Genetic analysis and clinical studies have revealed that the AIDS virus in the cerebrospinal fluid (CSF) of some people with AIDS-related dementia evolves independently of the virus in their blood, leading to two genetically distinct forms of the virus. The finding poses a new challenge for treatment of these patients, suggesting that drugs effective against HIV-1 in their blood may not do the job in the central nervous system, and vice versa.
The discovery, by a research team from the Gladstone Institute of Virology and Immunology at UC San Francisco, was presented at the Sixth Conference on Retroviruses and Opportunistic Infections in Chicago earlier this week (February 2).
"Our data show independent viral evolution in the cerebrospinal fluid and plasma in subjects with AIDS dementia complex (ADC)," says Natalia Inkina Marlowe, PhD, lead author on the study and a postdoctoral fellow in the laboratory of Robert Grant, MD, of the Gladstone Institute. "Those with AIDS dementia may need drugs with a high capacity to penetrate the blood-brain barrier in order to treat HIV that is evolving independently in the central nervous system."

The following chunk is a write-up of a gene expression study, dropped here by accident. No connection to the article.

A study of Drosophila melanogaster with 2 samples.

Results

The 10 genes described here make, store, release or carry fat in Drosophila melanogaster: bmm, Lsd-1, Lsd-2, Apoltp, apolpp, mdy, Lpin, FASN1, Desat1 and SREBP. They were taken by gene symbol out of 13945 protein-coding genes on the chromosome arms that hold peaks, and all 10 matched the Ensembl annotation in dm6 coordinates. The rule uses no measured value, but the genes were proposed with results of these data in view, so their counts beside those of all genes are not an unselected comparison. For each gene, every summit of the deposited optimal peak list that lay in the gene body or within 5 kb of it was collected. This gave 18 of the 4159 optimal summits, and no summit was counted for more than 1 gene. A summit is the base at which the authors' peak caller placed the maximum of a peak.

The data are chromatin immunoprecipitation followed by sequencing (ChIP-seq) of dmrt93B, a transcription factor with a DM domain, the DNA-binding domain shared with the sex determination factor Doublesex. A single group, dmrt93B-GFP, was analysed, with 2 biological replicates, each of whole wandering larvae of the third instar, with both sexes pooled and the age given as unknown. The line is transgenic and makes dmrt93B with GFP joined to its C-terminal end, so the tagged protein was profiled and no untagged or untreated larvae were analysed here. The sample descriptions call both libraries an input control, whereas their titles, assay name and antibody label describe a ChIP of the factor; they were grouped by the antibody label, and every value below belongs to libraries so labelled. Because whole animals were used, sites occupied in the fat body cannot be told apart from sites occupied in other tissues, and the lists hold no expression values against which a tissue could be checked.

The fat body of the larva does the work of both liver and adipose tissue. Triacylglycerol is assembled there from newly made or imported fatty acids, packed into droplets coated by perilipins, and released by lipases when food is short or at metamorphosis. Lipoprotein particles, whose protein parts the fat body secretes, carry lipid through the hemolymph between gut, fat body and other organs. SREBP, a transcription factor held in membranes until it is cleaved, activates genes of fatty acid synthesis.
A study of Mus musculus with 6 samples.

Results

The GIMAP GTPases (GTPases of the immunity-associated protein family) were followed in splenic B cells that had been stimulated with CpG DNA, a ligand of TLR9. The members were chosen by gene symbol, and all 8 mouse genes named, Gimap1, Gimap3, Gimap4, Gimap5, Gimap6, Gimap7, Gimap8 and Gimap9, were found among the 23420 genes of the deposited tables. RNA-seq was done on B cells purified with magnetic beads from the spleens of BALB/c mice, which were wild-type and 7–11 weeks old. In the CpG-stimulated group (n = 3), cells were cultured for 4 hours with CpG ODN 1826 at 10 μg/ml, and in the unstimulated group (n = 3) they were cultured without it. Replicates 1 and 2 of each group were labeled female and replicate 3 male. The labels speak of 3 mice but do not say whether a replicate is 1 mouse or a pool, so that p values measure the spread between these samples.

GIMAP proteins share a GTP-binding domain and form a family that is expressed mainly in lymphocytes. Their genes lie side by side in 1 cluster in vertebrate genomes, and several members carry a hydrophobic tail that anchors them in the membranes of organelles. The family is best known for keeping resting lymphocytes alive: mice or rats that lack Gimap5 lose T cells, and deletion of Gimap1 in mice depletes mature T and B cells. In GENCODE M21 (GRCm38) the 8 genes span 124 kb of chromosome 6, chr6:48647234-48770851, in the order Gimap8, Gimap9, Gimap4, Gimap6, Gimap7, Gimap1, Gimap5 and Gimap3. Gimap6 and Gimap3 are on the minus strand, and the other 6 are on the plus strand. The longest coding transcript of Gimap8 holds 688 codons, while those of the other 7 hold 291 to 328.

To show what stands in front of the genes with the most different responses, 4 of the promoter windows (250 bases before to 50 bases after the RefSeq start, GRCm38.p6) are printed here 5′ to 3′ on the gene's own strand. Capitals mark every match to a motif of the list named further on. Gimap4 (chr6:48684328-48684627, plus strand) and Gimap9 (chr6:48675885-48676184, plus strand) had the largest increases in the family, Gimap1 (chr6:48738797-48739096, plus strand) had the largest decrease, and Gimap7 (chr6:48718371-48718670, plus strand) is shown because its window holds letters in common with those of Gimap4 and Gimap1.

At the very least, the findings suggest that clinical trials should evaluate the success of new HIV drug treatments in the blood and the central nervous system separately, according to the research team, and success or failure in one system does not necessarily imply the same result in another.
The independent population of HIV does not appear to evolve in the CSF of neurologically normal HIV patients, the researchers found.
While the CSF and brain are different "compartments" within the central nervous system, Marlowe explains, there are parallels in their relation to systemic infection and barriers to drug penetration. As a result, the new observations may have implications for treatment of brain infection, she says.